Background: Human epidermal growth factor receptor 2-positive (HER2+) breast cancer is generally treated with HER2-targeted therapy combined with chemotherapy. Patients with HER2+ and estrogen receptor-positive (ER+) cancer are additionally treated with long-term hormone therapy. This study examined the metastatic pattern and prognosis of both ER+/HER2+ and ER-/HER2+ breast cancer.
Patients and methods: A total of 54,147 patients with HER2+ breast cancer from the National Cancer Data Base (NCDB, 2010-2013) and 31,946 patients with HER2+ breast cancer from the Surveillance, Epidemiology, and End Results Program (SEER, 2010-2014) were examined. Sites of metastasis and overall survival (OS) were examined in the NCDB, while OS and breast cancer-specific survival were examined in the SEER database.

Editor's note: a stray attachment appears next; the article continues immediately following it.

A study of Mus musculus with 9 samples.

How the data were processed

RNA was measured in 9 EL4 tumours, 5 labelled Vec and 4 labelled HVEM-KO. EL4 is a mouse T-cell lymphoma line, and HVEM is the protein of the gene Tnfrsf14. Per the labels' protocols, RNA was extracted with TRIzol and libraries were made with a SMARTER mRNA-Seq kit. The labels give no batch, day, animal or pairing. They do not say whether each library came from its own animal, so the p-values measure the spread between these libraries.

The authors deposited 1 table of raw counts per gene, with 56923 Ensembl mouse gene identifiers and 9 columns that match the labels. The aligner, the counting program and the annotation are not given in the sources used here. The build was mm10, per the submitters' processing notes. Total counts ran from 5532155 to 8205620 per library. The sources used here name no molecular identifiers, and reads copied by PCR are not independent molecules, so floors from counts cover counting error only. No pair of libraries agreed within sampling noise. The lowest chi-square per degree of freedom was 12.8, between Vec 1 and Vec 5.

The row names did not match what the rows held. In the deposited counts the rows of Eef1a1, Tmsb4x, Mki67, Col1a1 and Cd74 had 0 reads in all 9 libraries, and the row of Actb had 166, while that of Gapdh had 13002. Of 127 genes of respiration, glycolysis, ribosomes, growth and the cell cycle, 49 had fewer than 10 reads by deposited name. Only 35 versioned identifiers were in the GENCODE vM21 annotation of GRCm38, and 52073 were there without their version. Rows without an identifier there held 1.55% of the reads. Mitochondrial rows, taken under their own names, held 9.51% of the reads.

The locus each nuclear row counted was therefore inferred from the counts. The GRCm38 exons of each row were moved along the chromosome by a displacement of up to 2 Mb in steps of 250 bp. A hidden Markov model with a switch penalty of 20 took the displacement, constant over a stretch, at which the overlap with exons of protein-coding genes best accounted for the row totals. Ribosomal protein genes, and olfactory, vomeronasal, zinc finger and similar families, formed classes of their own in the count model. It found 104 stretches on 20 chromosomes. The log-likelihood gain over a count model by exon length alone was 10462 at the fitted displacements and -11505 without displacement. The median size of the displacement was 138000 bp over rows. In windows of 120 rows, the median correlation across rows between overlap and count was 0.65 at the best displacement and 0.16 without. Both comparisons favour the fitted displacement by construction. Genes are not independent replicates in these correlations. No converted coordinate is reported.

Results: Compared to ER-/HER2+ breast cancer, ER+/HER2+ breast cancer was more likely to metastasize to bone but less likely to brain, liver, and lung and less likely to result in multiple metastases. In univariate analysis based on the NCDB, patients with ER-/HER2+ breast cancer had worse OS in all metastasis subsets, including patients who received HER2-targeted therapy. This poor survival for ER-/HER2+ persisted in patients with metastasis to bone and lung, and multiple metastases. In multivariate analysis adjusting for age, tumor grade, surgery, chemotherapy, HER2-targeted therapy, and hormone therapy, ER-/HER2+ patients with bone metastasis still had worse OS. In the SEER, ER-/HER2+ patients had both worse OS and breast cancer-specific survival in univariate analysis.
Conclusion: This large study showed patients with ER+/HER2+ and ER-/HER2+ breast cancers had different metastatic patterns. Patients with ER-/HER2+ breast cancer may require more aggressive treatment.
Keywords: Bone metastasis; Breast cancer subtype; Liver metastasis; Lung metastasis; Metastasis.